I do not think that there is any issue with viewing signification as an activity, in fact this is how pragmatists view it since Peirce. In modern terms, pragmatism asserts semantic and epistemological priority of knowledge how over knowledge that, so representation is viewed as a special kind of performance. The problem begins when we look into the status of what it is representational of. This brings up the issue of reference, correspondence to "reality", and is closely related to the realism/anti-realism divide. Szubka in On the Very Idea of Brandom’s Pragmatism speaks directly to your suggestion:
"Perhaps anything which is performed by us will count as a doing or action, and it won’t be necessary to describe it in some selected vocabulary (e.g. in physical, biological, behavioral, or functional one) in order to invoke it in understanding or explanation of propositional contentful beliefs and knowledge. However, by allowing advocates of global pragmatism such a latitude in this matter, one puts their view at risk of being easily trivialized."
Brandom in Pragmatics and Pragmatisms describes pragmatism "as a movement centered on the primacy of the practical, initiated already by Kant, whose twentieth-century avatars include not only Peirce, James and Dewey, but also the early Heidegger, the later Wittgenstein, and such figures as Quine, Sellars, Davidson and Rorty". Ryle, Merleau-Ponty, Polanyi and Dreyfus can also be added to this list. This is a big tent with plenty of room for realism, even materialism (Davidson), quasi-realism (Kant, Quine, Sellars), and anti-realism all the way (Rorty). Moreover, Dummet, who believes that representational and pragmatic aspects are too intertwined for either to have primacy, is nonetheless an anti-realist.
However, pragmatism is opposed to "intellectualism, the doctrine that every implicit mastery of a propriety of practice is ultimately to be explained by appeal to a prior explicit grasp of a principle". Since reference to a conceptualized object does involve "grasp of a principle" any description involving it can not be first in the order of explanation. So it is not that representational use "offends" pragmatists, it is rather that its representational character is in a sense moot. Let me give an analogy: classical objects are interesting and practically important formations in quantum theory, they are unsuitable for formulating the quantum theory.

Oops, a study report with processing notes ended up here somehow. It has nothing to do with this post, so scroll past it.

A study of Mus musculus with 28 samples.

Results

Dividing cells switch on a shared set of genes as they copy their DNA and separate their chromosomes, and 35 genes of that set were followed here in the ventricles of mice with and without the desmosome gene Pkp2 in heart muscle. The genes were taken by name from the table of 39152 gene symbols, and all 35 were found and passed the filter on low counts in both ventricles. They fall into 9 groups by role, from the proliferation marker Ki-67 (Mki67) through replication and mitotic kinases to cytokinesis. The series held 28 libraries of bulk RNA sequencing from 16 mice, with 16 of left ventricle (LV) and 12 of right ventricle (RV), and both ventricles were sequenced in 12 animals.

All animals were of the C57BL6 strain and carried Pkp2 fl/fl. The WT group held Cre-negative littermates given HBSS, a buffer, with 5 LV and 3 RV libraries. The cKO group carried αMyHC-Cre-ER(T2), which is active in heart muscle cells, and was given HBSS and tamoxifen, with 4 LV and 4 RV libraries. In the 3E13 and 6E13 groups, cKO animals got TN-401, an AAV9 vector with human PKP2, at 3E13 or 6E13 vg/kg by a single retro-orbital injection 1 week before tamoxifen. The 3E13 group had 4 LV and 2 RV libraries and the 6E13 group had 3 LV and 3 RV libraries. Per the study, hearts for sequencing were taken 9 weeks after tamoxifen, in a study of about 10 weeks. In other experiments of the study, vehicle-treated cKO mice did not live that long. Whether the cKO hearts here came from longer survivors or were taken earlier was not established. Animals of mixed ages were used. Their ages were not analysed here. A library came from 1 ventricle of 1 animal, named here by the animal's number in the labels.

Representational activities, truth-conditional semantics that articulates them, etc., are certainly rich and interesting topics, but they are secondary in semantics/epistemology. As Brandom puts it, “explicit theoretical beliefs can be made intelligible only against a background of implicit practical abilities”, it would be self-defeating to reference a pre-conceptualized ontology of said beliefs in articulating the said background. The "first" task is to describe how conceptualized ontologies are formed, then we can decide how seriously to take them, and how much, and in what contexts, to use them. Quine, who is a more sympathetic to your position kind of pragmatist, splits it this way in Theories and Things:
"The scientific system, ontology and all, is a bridge of our own making... But I also expressed my unswerving belief in external things — people, nerve endings, sticks, stones. This I reaffirm. I believe also, if less firmly, in atoms and electrons and classes."
Davidson, Quine's student, developed a truth-conditional semantics which is broadly pragmatist. See Verheggen's How Social Must Language Be? on his triangulation procedure, which ties practice to reference along the lines that you may perhaps find more agreeable.